If you haven’t yet read today’s story on two new gun bills that seek to do away with concealed carry permits in North Carolina, you should.

We also have an update for you.

On Wednesday Rep. Rena Turner (R-Iredell) filed House Bill 174. It would allow concealed carry on church-school properties outside of school hours.

In today’s story we quoted Guilford County Sheriff BJ Barnes, who is co-chairman of the North Carolina Sheriffs’ Association’s legislative committee, as saying he thinks doing away with concealed carry permitting and restrictions is dangerous.

This isn’t the first time Barnes – or the Sheriffs’ Association – has butted heads with anti-gun law forces.

Back in 2013 Barnes opposed a bill that would have done away with pistol permitting by sheriff’s departments altogether. He faced blowback and even threats of opposition in his next sheriff’s race. Barnes, consistently one of Guilford County’s most popular elected Republicans, said he wasn’t intimidated and went on to win handily.

At that time Barnes, who has for years taken to Facebook to make statements to the public, was getting a lot of negative online comments from people who questioned his conservative credentials.

“When their Facebook profile picture is of an M-16 or a Rebel Flag, you know where their hearts are,” Barnes said. “To them, it’s about guns, guns, guns. To me, it’s about public safety.”

Among those criticized Barnes then was Paul Valone, president and co-founder of gun rights activist group Grassroots North Carolina.

Valone’s group is backing the concealed carry-related bills again this year and had some choice words for Barnes and the Sheriffs’ Association in an interview this week.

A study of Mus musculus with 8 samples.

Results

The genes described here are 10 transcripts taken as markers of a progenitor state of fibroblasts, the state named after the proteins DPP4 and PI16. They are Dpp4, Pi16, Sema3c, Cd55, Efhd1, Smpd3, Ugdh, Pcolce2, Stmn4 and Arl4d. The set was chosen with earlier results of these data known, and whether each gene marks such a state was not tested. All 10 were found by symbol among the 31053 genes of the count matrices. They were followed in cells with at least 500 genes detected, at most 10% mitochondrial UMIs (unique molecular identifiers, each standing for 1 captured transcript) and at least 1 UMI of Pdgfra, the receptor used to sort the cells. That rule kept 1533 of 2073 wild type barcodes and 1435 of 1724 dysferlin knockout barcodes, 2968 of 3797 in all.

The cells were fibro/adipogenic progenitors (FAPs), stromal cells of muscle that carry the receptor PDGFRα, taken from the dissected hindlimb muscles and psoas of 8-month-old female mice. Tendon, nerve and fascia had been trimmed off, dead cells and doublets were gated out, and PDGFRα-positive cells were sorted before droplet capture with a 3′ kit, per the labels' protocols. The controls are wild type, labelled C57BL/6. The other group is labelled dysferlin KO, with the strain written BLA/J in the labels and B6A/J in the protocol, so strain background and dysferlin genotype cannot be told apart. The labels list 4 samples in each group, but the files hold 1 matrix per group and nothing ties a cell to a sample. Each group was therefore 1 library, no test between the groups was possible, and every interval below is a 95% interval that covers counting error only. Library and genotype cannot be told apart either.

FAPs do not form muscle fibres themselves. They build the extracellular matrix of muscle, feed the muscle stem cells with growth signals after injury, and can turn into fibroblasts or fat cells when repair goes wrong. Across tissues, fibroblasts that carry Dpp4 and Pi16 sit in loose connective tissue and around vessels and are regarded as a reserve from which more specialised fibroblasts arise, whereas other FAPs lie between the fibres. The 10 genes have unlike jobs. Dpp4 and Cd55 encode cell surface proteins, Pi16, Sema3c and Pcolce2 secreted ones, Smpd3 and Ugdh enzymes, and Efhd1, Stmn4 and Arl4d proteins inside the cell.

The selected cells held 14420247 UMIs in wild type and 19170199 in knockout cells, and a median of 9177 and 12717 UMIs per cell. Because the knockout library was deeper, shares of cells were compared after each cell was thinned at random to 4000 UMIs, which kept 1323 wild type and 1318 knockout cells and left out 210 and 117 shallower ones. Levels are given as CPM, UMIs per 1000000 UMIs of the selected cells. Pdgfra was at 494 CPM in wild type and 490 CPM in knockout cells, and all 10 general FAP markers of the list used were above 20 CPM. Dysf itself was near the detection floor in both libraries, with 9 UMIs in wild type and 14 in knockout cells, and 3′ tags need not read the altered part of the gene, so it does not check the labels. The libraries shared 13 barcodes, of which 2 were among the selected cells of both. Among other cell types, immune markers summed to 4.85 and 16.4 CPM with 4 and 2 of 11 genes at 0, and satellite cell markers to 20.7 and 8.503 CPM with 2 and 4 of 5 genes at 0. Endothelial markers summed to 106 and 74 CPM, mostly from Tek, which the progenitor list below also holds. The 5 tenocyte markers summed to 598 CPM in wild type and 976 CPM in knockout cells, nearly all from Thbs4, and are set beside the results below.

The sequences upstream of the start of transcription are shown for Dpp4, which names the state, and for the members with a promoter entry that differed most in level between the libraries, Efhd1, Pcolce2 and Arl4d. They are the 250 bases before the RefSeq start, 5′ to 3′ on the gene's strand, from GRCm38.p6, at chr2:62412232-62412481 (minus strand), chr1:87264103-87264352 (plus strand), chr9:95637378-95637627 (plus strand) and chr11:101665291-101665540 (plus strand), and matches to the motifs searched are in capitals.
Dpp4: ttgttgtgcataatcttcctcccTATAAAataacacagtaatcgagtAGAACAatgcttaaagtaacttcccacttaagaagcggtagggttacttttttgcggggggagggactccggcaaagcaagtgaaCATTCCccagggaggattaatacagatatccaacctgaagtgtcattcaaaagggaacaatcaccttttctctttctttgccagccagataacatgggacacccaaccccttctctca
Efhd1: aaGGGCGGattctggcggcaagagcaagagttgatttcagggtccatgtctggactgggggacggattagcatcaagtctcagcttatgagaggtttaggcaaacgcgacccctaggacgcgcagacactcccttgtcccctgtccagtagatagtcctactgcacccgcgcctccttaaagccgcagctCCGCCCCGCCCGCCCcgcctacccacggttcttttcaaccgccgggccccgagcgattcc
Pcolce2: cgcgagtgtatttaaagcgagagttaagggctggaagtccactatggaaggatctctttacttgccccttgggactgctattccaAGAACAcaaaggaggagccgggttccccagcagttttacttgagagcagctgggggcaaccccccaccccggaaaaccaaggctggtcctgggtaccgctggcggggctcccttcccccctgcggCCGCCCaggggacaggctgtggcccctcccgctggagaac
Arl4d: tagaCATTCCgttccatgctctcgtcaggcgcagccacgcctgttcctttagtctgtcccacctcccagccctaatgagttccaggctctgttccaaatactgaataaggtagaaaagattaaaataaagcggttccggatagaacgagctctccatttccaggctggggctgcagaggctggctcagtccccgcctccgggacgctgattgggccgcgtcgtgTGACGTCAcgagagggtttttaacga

“BJ Barnes was once very pro Second Amendment,” Valone said. “Now he’s very pro BJ Barnes.”

The Sheriffs’ Association is controlled by lobbyists and doesn’t really represent on-the-street law enforcement officers, many of whom feel the same way about guns that his group does.

Barnes laughed at that.

“For Paul, it’s all about raising money,” Barnes said. “Everything he does, he ends it with ‘send us money’ – so he likes whipping up a controversy.”

Valone and his group stirred up controversy last year when they raffled off an M-4 configured AR-15, a thousand rounds of ammunition and a portrait of Hillary Clinton they suggested people might enjoy using as target practice.

NC Policy Watch covered the raffle then, which ended up getting international attention.

“I want to thank Policy Watch for their coverage,” Valone said this week. “We ended up getting a lot more attention and raising a lot of money. I had people calling from the BBC and people buying raffle tickets in countries where they couldn’t even own the gun. It was great!”